German is evolving, of course. That means there are new expressions, some of which are used often and are very efficient for expressing particular meanings.
Here are some specifics expressions that were new to me and that I hear somewhat regularly:
“Auf Augenhöhe” = at eye level, meaning between peers and implying that two people/groups of people are equal to each other and thus meaningful exchanges might ensue. All kinds of things can be at eye level, sports teams, government, students, etc.
-affin = close to =phile. This is a suffix that gets attached to nouns to mean something like prone to, likely to, liking to. It describes people or groups of people. Examples could be fußballaffin, buchaffin, etc.
“Beworben” = advertised for, advertised to. People can be advertised to, say by GoogleAds, and things can be advertised for through campaigns, posters, etc. Given how ubiquitous advertising has become, especially online, it seems like there are more and more occasions when we are advertised to and the German word flows easily, whereas the English versions here seem kind of clunky.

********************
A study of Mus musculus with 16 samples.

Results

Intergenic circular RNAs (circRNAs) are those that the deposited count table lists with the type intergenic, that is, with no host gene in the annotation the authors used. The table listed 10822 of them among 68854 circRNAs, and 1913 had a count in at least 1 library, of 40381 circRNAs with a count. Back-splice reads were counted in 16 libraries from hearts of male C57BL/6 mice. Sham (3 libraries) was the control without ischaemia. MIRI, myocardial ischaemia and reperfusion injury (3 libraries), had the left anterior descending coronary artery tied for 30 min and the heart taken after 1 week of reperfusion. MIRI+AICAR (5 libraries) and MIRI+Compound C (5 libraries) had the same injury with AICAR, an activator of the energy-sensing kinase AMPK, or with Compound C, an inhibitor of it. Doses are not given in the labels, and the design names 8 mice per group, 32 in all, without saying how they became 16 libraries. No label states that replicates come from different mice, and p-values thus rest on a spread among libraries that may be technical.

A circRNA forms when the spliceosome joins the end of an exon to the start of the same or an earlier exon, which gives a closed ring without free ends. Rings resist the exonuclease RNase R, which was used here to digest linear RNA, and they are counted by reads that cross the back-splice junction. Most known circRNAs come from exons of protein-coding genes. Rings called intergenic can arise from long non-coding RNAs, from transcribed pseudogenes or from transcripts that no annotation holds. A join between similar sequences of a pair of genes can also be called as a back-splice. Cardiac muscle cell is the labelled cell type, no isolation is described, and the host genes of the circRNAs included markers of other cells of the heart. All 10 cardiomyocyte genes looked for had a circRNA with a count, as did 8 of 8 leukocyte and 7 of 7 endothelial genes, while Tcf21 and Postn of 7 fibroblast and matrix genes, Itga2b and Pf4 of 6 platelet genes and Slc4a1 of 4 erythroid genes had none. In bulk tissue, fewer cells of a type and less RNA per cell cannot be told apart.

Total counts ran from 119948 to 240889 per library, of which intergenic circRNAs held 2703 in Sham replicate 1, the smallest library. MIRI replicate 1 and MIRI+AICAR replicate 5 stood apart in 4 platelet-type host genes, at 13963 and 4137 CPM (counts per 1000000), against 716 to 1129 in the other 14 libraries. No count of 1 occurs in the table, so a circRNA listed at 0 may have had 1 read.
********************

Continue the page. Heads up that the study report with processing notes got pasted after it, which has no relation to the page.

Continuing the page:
Zutexten = bury with SMS messages. SMS were a more significant element of daily life/pop culture in Europe than North American or Asia, I think, so perhaps it is not surprising that language reflects this a bit more. Texten is simply the verb texting, but the prefix “zu” implies that there are so many messages that one is being buried below them. These days, the kids’ WhatsApp class chats seem to generate so many messages (and the “pings” that announce them) that the risk of being buried here seems much higher than with SMS.